LYMEPOLICYWONK: Misdiagnosis of Lyme disease as MS –MyLymeData Quick Bytes
This is the first in what I hope will be a series of “quick bytes” (2-minute videos) of some of the preliminary results we are getting from MyLymeData. You can choose to watch the video or read the blog. Today I am going to talk about what we are finding with misdiagnosis. Most of us know that Lyme disease is commonly misdiagnosed as chronic fatigue, fibromyalgia, or depression. But did you know that 20% are misdiagnosed with uncurable progressive neurologic diseases?
MyLymeData is the patient registry launched by LymeDisease.org in November 2015. We currently have 4000 people enrolled in MyLymeData. Our goal is to reach 10,000 enrolled so we’re well on our way. One of the things we are using MyLymeData for is to find out what is going on with chronic Lyme disease and we do this by asking the patients directly. This blog is based on data from MyLymeData.
We asked patients in the MyLymeData registry if they were initially misdiagnosed with another illness. Unfortunately, most of these patients report that they were initially misdiagnosed and roughly 20% of those with chronic Lyme disease were initially misdiagnosed with a neurologic disease. 14% of chronic Lyme patients report being initially misdiagnosed with MS and roughly 2% are misdiagnosed with other neurologic diseases, like ALS, Parkinson’s and Multiple systems atrophy.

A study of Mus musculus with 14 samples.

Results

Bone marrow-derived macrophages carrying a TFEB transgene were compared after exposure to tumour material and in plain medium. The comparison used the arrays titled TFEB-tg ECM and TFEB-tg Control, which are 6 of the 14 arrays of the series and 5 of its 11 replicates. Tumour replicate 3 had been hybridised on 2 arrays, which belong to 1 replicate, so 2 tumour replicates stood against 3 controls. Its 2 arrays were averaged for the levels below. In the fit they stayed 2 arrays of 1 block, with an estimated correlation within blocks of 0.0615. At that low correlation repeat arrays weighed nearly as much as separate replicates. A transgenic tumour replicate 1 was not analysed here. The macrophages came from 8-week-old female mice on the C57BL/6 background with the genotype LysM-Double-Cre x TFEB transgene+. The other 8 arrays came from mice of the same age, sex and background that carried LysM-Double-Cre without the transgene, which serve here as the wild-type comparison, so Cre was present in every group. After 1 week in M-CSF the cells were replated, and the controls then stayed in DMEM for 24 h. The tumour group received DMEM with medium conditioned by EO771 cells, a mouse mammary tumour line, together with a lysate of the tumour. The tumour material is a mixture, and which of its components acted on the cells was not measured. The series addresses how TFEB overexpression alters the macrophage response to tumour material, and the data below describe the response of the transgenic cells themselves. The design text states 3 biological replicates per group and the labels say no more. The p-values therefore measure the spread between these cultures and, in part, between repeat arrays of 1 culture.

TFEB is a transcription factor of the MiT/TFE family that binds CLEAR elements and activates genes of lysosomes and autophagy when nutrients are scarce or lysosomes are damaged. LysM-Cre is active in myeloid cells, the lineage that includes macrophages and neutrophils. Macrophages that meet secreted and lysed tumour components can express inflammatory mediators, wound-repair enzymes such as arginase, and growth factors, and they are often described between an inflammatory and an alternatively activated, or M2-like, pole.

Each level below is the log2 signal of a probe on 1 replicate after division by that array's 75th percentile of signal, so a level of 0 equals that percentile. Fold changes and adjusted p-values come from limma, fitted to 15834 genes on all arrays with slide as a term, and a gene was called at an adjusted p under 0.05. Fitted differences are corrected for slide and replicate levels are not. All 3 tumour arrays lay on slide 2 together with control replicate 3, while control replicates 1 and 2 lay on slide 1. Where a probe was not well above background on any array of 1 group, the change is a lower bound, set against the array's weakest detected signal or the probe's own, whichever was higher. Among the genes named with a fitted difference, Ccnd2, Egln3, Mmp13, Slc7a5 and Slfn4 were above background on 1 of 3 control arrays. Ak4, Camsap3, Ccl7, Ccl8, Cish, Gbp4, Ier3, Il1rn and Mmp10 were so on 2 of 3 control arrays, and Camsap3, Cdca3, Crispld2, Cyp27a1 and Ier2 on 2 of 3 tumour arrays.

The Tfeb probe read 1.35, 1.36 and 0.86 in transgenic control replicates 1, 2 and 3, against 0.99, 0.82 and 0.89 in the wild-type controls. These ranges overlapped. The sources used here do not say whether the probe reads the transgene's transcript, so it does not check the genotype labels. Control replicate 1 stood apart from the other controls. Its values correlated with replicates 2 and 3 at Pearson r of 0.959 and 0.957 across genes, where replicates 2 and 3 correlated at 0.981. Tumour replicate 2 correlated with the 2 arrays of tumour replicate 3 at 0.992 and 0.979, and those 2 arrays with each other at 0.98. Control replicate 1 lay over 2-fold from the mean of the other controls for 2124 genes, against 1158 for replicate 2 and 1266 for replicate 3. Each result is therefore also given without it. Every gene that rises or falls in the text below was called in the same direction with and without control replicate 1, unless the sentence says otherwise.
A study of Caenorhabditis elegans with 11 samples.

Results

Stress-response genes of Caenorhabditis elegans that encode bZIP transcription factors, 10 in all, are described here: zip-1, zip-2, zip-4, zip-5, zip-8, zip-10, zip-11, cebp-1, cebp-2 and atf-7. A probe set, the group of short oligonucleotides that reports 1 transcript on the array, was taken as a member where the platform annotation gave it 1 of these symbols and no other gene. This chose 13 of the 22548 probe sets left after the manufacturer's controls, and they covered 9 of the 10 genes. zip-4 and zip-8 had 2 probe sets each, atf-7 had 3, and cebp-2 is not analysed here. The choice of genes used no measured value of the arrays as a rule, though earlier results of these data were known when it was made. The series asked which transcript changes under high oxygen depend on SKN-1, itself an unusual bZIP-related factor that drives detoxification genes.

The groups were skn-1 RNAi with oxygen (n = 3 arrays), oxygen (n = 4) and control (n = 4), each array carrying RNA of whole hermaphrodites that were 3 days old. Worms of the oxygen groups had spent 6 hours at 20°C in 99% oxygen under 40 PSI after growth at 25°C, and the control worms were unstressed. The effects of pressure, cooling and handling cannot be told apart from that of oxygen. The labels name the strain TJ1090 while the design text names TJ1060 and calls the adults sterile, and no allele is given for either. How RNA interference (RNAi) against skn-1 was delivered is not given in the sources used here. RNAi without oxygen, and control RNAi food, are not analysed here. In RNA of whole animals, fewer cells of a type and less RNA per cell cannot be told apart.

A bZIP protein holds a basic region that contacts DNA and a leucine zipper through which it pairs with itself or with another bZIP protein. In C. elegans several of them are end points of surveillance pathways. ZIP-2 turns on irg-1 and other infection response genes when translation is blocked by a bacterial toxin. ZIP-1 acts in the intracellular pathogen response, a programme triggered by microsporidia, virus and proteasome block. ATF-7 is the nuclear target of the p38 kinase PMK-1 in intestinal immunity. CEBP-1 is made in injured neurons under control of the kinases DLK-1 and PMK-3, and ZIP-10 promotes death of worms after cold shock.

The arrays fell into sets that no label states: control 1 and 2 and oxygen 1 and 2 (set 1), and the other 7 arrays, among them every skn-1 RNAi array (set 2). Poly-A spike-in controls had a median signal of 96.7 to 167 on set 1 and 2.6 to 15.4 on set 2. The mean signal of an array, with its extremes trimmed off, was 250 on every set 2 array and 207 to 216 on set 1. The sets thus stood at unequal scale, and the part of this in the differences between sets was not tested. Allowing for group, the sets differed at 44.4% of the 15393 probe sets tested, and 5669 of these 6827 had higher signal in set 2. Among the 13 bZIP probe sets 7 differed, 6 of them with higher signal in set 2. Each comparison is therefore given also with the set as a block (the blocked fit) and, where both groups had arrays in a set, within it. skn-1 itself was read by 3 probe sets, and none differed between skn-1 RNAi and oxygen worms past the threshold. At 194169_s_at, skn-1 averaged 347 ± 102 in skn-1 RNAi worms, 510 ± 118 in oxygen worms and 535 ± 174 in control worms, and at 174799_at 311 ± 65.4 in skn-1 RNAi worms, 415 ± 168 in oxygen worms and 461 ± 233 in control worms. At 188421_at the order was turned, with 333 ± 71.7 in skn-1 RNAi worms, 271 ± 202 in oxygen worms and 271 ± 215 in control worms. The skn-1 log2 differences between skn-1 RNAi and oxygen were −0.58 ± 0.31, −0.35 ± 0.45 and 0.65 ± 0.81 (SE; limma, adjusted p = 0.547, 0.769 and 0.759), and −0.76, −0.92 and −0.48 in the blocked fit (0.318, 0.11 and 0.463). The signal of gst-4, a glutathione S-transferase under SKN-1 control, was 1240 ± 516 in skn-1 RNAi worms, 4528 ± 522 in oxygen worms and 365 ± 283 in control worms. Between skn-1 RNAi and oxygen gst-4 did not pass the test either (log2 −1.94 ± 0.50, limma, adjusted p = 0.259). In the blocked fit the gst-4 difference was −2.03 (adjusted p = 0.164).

Now you might think no harm/no foul—so long as they eventually correctly diagnose and treat the Lyme disease.
But that’s not true.
For one thing neurologic Lyme that manifests as these diseases causes neurologic damage, which may continue to progress until it is properly diagnosed and treated. Even with treatment, physicians report that previous damage may not be reversible.
And the treatments for infectious diseases are very different than those for diseases like MS. MS patients may receive steroids to suppress the immune system. But studies have shown that steroids are the last thing you want to give someone with an infection. That’s because when the immune system is suppressed, the infection is allowed to essentially run rampant. Patients with Lyme disease who are given steroids become very ill.
It’s important that with neurologic conditions in particular that Lyme disease be ruled out as a causing factor so that the proper treatment can be provided to the patient as early as possible to prevent unnecessary neurological damage.
Let me end by thanking the 4,000 patients who have enrolled in MyLymeData so far. If you have Lyme disease and have not enrolled in MyLymeData, please do so today.
Let us know your experience.
Please let us know what you think of MyLymeData Quick Bytes by posting a comment to this blog.
The LYME POLICY WONK blog is written by Lorraine Johnson, JD, MBA, who is the Chief Executive Officer of LymeDisease.org. You can contact her at email@example.com. On Twitter, follow her @lymepolicywonk. If you have not signed up for our patient centered big data project, MyLymeData, please register now.